Click to Home

Go To Search
Water Quality Monitoring
Surface Waters Of Hillsborough County
Hillsborough County is fortunate because, in general, there is an abundant amount of water, both surface water, and ground water. There are three major river systems, the Hillsborough, the Alafia, and the Little Manatee, which pass through the county on their way to Tampa Bay.

And in addition to these major rivers, there are numerous smaller streams, which sometimes feed water to the rivers, and at other times simply flow on their own across smaller drainage basins. There are also hundreds of lakes of different sizes scattered across the county, with a particularly high proportion of these located in the eastern, and northwestern parts of the county.

These river systems, streams, lakes, and their associated wetlands, are important features of Hillsborough County, and are valuable resources.

Monitoring Surface Waters Of Hillsborough County
EPC administers several water quality monitoring programs within Hillsborough County and throughout Tampa Bay and Hillsborough County comprising over 200 stations many of which date back to the 1970's.

View water quality data and maps.

Ground Waters of Hillsborough County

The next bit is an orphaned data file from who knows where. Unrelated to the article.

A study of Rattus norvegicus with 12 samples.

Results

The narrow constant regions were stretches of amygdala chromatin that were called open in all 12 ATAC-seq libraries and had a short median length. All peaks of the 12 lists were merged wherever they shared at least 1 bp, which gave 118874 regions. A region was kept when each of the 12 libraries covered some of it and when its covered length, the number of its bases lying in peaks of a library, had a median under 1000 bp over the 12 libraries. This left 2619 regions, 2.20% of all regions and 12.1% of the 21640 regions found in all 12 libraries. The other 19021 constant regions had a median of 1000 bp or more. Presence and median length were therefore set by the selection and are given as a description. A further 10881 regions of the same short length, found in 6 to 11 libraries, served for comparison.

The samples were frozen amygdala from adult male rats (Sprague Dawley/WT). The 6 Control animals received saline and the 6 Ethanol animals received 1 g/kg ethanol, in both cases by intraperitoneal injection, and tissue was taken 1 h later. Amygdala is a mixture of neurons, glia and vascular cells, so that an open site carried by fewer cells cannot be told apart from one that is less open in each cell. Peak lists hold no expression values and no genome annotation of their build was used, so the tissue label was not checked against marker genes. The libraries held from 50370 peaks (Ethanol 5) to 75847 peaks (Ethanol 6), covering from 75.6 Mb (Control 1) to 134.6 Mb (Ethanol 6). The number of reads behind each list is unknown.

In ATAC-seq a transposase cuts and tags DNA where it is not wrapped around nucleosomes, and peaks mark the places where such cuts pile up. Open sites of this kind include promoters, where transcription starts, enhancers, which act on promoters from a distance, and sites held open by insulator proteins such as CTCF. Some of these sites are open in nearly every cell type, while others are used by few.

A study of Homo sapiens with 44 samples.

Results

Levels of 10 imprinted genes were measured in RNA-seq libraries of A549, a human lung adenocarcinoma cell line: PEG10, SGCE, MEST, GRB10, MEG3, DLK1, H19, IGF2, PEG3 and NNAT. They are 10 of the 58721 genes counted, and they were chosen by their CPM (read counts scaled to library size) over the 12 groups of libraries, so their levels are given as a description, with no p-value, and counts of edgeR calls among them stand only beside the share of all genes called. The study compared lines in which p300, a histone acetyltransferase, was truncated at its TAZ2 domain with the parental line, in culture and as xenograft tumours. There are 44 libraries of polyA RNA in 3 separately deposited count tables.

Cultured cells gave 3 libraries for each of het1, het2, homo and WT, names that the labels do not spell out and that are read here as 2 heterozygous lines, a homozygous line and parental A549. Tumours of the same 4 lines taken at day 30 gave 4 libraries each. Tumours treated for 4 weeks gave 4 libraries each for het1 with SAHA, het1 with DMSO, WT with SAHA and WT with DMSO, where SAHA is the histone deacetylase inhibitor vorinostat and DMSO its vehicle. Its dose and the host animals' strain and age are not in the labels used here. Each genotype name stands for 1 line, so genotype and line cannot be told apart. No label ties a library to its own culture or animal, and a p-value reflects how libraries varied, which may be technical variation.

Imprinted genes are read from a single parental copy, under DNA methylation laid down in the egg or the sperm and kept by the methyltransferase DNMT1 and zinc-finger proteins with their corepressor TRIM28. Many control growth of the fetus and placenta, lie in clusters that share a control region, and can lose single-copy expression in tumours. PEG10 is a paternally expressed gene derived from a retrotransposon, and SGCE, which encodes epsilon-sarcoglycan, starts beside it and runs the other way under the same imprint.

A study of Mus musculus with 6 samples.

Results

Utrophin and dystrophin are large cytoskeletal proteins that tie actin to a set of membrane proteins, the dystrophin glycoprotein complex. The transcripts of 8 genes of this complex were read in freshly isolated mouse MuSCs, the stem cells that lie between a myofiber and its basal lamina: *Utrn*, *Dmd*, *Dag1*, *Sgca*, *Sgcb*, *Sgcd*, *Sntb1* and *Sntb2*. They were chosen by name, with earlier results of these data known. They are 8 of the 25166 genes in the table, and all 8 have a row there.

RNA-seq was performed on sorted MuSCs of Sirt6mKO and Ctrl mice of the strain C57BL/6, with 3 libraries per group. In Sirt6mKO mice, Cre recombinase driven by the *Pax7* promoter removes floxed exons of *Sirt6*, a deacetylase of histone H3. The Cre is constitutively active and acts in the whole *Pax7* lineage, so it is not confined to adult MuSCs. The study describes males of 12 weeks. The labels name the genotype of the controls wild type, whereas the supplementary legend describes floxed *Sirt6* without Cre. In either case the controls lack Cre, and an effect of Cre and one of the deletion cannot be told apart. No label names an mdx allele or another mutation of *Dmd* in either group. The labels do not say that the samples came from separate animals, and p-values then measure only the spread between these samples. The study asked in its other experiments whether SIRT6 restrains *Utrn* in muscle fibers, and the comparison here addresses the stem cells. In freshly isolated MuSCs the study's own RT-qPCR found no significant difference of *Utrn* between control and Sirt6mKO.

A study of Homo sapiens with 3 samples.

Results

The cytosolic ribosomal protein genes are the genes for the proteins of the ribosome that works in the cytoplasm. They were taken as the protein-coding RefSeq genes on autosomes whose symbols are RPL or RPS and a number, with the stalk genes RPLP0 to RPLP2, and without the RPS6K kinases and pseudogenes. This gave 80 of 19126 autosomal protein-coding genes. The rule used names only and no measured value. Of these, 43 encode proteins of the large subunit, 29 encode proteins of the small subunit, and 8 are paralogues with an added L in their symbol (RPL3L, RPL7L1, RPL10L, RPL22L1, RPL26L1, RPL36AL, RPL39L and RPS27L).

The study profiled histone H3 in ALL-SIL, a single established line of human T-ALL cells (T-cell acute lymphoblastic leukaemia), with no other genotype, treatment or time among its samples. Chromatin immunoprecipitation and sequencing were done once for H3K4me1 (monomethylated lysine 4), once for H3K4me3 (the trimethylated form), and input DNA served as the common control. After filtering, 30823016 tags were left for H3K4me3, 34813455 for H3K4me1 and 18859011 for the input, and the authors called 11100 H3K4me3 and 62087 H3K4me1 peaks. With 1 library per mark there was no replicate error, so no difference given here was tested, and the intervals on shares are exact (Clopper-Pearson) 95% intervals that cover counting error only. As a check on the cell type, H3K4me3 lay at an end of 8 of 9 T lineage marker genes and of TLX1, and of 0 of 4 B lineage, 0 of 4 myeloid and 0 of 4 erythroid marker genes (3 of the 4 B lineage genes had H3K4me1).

There are essentially three ground water bodies, or aquifer systems which are found beneath the land surface; the Surficial Aquifer, the Intermediate Aquifer, and the Floridan Aquifer. Of these, the Surficial Aquifer typically begins within a few feet of land surface, and as such is the ground water body that has the greatest amount of connection with lakes, and other wetland features.

In fact, for the most part in Hillsborough County, lakes are surface expressions, or "out croppings" of ground water from the Surficial Aquifer System. Directly beneath the surficial aquifer, and depending on where you are in the county, there are the two deeper aquifers known as the Intermediate Aquifer, and the Floridan Aquifer. In terms of area, the Intermediate Aquifer generally extends from its northern limit which is at about State Road 60, southward well beyond the county line.

Florida Aquifer
The Floridan Aquifer extends beneath the entire land area of the county, and in the portion of the county south of State Road 60, the Floridan Aquifer is found at greater depths and is beneath the Intermediate Aquifer. North of State Road 60 where the Intermediate Aquifer is generally absent, you basically have two aquifer layers underground, the Surficial Aquifer, which begins at or near land surface, and the Floridan Aquifer, which lies underneath the Surficial Aquifer.

South of State Road 60, there are three aquifer layers underground, because not only do you have the Surficial Aquifer on top, and the Floridan Aquifer at greater depths beneath it, but there is also the Intermediate Aquifer between the two. The three aquifer systems in Hillsborough County, which are essentially reservoirs of water found underground in a layer cake type arrangement, can and often do exchange water between themselves. When this happens, it is said that the aquifers are leaky.